President Reagan is planning to respond to Soviet leader Mikhail Gorbachev's recent letter containing wide-ranging arms-control proposals with one of his own that emphasizes seeking reductions of U.S. and Soviet intermediate-range nuclear missiles in Europe, according to U.S. officials.
"The working assumption is that this is the most lucrative field," one official said yesterday. However, sources said, it may take a week to devise the administration response.
One administration concern is that Gorbachev may have linked progress in medium-range missile reductions to a concession in Reagan's Strategic Defense Initiative, the "Star Wars" research program, officials said.
In his Jan. 15 letter, Gorbachev said reduction of long-range strategic weapons "is possible only" if the United States joins the Soviets in renouncing "development, testing and deployment" of space weapons. He also tied all nuclear reductions to a ban on space weapons.
A Soviet diplomat here said yesterday that medium-range reductions could go forward without agreement on space weapons.
He added, however, that Moscow "hoped" that the administration would be willing to discuss limiting space weapons in exchange for progress in negotiating the 50 percent reduction in longer-range systems. Reagan and Gorbachev agreed to that during their November summit.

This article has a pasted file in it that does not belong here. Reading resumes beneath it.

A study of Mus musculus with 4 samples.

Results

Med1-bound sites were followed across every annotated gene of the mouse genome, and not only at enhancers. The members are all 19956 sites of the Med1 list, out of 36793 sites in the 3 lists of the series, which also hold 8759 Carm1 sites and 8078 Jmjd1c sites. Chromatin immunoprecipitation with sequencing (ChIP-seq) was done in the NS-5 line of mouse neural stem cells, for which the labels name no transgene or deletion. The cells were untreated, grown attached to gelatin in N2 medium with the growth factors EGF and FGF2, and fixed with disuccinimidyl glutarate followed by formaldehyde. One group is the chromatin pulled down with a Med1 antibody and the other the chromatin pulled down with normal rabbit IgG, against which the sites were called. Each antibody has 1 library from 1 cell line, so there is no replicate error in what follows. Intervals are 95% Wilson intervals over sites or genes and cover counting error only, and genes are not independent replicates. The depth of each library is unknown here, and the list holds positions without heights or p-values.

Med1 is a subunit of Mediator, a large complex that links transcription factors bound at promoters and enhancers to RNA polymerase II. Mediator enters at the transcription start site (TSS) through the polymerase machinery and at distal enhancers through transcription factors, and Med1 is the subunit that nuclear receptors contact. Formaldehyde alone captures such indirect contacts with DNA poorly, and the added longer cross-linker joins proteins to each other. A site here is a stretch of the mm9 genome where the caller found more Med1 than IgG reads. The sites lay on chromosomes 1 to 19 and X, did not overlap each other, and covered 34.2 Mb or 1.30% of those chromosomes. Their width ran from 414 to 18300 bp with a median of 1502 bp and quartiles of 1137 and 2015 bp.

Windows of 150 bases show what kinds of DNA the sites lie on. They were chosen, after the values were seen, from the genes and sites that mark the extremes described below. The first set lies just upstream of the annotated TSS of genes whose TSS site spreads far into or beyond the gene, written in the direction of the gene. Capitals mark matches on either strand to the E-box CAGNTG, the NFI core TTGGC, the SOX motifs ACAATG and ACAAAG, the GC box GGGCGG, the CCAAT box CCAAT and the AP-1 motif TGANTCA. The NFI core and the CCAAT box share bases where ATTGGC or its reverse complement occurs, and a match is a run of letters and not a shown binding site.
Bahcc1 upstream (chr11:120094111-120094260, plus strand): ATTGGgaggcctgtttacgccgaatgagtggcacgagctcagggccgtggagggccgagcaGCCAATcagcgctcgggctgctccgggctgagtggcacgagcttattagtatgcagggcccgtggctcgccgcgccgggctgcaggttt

Administration officials said Reagan's response is expected to ask the Soviets to reduce sharply the number of medium-range missiles still in the Far East and to detail a plan for destroying the European-based missiles. In both cases, they said the specifics will have to be discussed at arms talks that resumed recently in Geneva.
In addition, administration officials said Reagan is expected to tell the Soviets that they must discuss with Britain and France Gorbachev's proposal that the two will have to pledge not to build up their forces as part of the medium-range missile agreement.
Longtime differences within the administration have resurfaced during interagency discussions on how to respond to Gorbachev.
Key Defense Department officials have criticized his plan as a propaganda effort rather than a serious effort to spur negotiations. State Department officials, on the other hand, have argued that Gorbachev's appeal for public support included initiatives that deserved to be followed up.
Yesterday, several officials of past administrations called on Reagan to respond to Gorbachev.
Paul Warnke, director of the Arms Control and Disarmament Agency under President Jimmy Carter, urged the administration to "get serious about arms control." He said that, if the Soviet proposal "is a bluff, let's call the bluff."
Ambassador Gerard Smith, chief negotiator of the SALT I agreement under President Richard M. Nixon, said he is "very dubious" that the administration can devise a realistic response.
In a related matter, the West German parliament was told that the first 16 U.S. ground-launched cruise missiles will be deployed in West Germany in March.
In a statement, Defense Minister Manfred Woerner said the first missiles would go to Hahn Air Base near Bonn while a permanent facility is constructed. The full wing of 96 American missiles will be completely installed by the end of next year, he said.